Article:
Your shower is disgusting—here's how often you should really clean it
Who knows what could be lurking in your bathtub.
Apparently not. According to a new survey, most of us are guilty of not cleaning our showers as often as we should—and it turns out that's pretty gross. Here's what happens when you don't sanitize your shower on the regular (spoiler: it's disgusting) and how to clean it properly to get rid of any dirt and grime.
Why your shower is dirtier than you think
Over half of Americans confess they only clean a surface—like their showers—when there's visible dirt. But here's the cringe-worthy truth: Just because you can't see any grime or mildew, doesn't mean it isn't there. In fact, one expert points out that because mold is microscopic, once you actually see it, it means there are millions of mold spores growing already.
Other studies have revealed that potentially harmful germs like streptococcus, staph, and E. coli all are commonly found in bathtubs (yuck!). And that soap scum that looks innocent enough? It's actually a breeding ground for certain types of bacteria.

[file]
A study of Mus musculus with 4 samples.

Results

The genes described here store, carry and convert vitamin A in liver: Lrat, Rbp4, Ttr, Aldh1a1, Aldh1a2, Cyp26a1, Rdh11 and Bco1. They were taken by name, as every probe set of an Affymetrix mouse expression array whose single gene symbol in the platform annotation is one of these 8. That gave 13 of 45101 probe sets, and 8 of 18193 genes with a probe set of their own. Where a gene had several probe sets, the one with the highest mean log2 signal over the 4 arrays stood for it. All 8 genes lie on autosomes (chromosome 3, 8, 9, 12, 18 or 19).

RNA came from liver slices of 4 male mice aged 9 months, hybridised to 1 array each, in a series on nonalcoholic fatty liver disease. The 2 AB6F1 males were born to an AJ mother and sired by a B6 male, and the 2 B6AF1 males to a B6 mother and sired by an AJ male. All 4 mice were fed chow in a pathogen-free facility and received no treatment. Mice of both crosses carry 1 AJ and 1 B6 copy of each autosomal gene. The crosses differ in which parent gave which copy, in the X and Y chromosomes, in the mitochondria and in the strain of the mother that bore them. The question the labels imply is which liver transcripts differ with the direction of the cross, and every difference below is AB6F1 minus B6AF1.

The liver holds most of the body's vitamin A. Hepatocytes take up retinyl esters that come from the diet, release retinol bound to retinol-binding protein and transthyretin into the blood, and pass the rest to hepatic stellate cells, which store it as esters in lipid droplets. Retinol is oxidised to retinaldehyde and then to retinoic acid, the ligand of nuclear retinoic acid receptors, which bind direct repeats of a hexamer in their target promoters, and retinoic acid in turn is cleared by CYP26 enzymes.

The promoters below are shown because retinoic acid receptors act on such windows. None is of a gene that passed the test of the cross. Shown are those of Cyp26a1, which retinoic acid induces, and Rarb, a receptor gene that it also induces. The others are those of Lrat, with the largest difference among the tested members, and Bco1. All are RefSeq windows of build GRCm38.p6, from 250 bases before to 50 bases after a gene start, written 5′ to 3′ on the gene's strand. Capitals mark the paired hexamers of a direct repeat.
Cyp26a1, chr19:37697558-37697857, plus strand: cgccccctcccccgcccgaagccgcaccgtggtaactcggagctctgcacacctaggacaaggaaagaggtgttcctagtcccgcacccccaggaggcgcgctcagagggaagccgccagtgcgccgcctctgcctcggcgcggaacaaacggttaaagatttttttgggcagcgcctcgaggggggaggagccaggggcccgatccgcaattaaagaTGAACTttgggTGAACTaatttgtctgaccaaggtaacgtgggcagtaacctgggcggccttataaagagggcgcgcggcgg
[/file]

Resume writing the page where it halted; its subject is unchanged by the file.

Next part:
How often you should clean your shower
It depends on a variety of factors, but for the average person, Jonathan says, "Once a week is plenty to prevent mildew or mold building up." However, he also notes that prevention is key. Because the better you take care of your shower or tub, the cleaner it will stay in between scrubs. He recommends leaving your shower door or curtain open after each use, opening a window, or turning on the exhaust fan to help dry the walls and prevent mildew.
The best way to clean your shower and bathtub
Jonathan suggests using a mixture of warm water and white vinegar to get rid of soap scum on shower walls. A couple drops of tea tree oil or an all-purpose bathroom cleaner can also help remove (and prevent) mildew and mold. As for the grout—which we all know can get really gross really fast—our experts found that Oxygen bleach is your best bet. Dilute the bleach with water, then let the mixture sit on your grout for 15 minutes before scrubbing it off with a scrub brush or toothbrush and rinsing with more water.
If you have a shower curtain, keep in mind that it needs to be washed, too (yes, even if it looks clean). Fortunately, that's incredibly easy—toss it in the washing machine with two towels, which will scrub the curtain, and turn it on a delicate cycle. When it's finished, take the curtain out and hang it to dry. Voila!